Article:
People come to therapy for all kinds of reasons. We all can benefit from added support during times of change or challenge, and we all have experiences that trigger us to varying degrees. I support clients while also gently urging them to get curious about themselves in a new way.
Whether or not you come in with a partner or family member we'll explore the connections that make up your world. When individuals come in for relationship issues, whether it be concerns with relationships with partners, family, friends, co- workers, we almost always end up identifying a few key patterns or themes across relationships. Themes in our relationships with others are closely linked to how we think about our self.
For authentic connection and intimacy to occur, we need to feel like we can be ourselves. To regularly nurture our true self, we need to look at self-esteem and sense of inherent worthiness.
To practice self-esteem, we may need to challenge current narratives and clear out some old, outdated, or even traumatic messaging.
In going down this path, we are also exploring the heart of any depression or anxiety symptoms as well.
Sometimes our symptoms are even more severe and debilitating. We will focus on symptom reduction while also exploring deeply held belief systems that are constraining or even crippling, and that affect how we feel (perhaps without awareness).
Life Transitions (such as graduating college, launching, getting married, having a child, losing a parent, moving) can be stressful, and stress affects our thinking, our emotions and our behavior. Clients learn practical tools to get through the day-to-day challenges. In individual work this will include addressing and managing symptoms, finding a sense of healthy self-esteem, creating healthy boundaries, identifying what gets in their way. In couple therapy this will include tools for improving communication, better understanding one another, getting unstuck and turning toward one another instead of away.
Transitions can stir up OLD stuff. And often we are completely unaware of it happening never mind why it's happening.
Once you are committed to making changes and feel open to the process, we may dive deeply into what the struggle or relationship is trying to help you repair and learn.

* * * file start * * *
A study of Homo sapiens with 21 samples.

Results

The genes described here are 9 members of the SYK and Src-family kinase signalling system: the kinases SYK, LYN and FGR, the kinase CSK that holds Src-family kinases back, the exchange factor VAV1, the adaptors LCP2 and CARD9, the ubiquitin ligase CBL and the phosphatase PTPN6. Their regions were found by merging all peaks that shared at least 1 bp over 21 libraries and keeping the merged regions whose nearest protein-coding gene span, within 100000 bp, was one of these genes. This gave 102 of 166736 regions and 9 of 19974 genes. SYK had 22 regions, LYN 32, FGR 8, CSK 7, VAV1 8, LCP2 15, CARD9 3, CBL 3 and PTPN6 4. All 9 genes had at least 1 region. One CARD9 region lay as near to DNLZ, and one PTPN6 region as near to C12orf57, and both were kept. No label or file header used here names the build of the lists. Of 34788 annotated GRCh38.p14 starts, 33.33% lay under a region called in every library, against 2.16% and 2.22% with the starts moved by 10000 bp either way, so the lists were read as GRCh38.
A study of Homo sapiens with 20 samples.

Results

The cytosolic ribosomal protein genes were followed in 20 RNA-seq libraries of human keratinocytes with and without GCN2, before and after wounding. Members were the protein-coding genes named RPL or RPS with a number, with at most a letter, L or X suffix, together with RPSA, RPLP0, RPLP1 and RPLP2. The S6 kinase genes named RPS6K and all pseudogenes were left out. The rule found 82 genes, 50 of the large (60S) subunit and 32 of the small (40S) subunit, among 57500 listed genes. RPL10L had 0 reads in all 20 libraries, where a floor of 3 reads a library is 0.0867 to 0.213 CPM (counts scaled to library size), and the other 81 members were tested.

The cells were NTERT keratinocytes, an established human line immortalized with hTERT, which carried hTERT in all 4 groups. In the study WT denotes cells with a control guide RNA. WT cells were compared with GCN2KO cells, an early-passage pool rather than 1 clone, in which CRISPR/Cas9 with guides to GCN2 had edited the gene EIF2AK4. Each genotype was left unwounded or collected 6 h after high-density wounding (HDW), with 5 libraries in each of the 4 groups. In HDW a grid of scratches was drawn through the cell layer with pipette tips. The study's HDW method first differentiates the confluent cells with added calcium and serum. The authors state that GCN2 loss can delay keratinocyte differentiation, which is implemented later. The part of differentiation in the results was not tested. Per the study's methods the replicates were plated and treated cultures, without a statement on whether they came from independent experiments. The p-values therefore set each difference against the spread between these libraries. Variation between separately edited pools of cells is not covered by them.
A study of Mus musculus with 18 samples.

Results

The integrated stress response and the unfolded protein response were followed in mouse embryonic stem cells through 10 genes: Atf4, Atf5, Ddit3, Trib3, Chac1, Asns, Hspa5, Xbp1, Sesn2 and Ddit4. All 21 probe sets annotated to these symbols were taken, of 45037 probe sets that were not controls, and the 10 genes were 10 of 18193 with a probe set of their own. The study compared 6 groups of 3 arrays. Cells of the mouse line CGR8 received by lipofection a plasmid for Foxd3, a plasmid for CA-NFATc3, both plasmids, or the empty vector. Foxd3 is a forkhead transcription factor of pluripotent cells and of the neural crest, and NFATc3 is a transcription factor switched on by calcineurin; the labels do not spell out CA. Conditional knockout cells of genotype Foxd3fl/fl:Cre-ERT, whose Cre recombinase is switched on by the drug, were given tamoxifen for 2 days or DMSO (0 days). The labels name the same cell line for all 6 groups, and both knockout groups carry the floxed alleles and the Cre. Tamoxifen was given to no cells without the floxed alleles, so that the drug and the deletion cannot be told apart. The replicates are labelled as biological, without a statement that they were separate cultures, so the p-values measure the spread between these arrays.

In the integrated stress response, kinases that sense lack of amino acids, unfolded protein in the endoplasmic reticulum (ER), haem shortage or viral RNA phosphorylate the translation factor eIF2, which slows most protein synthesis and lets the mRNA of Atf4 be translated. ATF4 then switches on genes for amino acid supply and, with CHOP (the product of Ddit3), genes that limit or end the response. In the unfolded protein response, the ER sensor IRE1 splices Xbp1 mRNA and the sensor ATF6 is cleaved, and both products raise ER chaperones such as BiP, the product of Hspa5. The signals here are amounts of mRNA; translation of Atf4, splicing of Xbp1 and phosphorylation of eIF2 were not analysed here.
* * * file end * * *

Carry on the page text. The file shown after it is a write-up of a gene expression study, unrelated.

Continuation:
"All relationships are a rhythm of harmony, disharmony, and repair."
In couple therapy I gently guide clients through looking at their stuckness from many different angles. Real change will come when each partner is truly ready to evaluate not only what's happening in their daily life together and in the room, but also what's being stirred up deeply within each partner when they repeat the same pattern over and over again.
Being in a relationship isn’t always easy; we are all unique, and learning as we go. Sometimes partners can be further polarized by the time they come to therapy if they’ve been struggling for some time. It is reassuring for a couple to see that in therapy with me they can be very differently minded but yet find communication that meets both of their needs... while also being challenged to find growth and an understanding of their partner's perspective.
I have experience working with couples in various life stages and transitions (see Transitions & New Parents), as well as couples dealing with high stress, high conflict, infidelity, parenting issues, extended family issues, loss and separation.
Many new parents can use a safe, supportive space to process thoughts, feelings and relational dynamics that are new and unfamiliar with the transition to parenthood.
The early stages of parenthood are full of mixed eexperiences and emotions. It will bring joy. Unconditional love. Protective instincts. Fear. Guilt. Acceptance. Grace.
It will inevitably bring growing pains.
My therapy with new mothers, fathers or both, often includes expanding the parents' identity and acknowledging losses; managing worry; prioritizing self-care; communication and (re-)negotiation of roles and rules; intimacy and connection; healthy boundaries.
We work on self-compassion and "good-enough" parenting over perfectionism. Embracing the challenges and inherent imperfections that characterize the precious, delicate, often unilateral parent-child relationship, as well as voluntarily (and involuntarily) digging deeply into one's own early attachment stuff in parallel, are continuous processes that open adults up to levels of awareness they previously could not access.
My therapy with parents offers support for all family relationships: the parent-child, the sibling subsystem, the couple dyad, and relationships with in-laws, grandparents, and extended family legacies.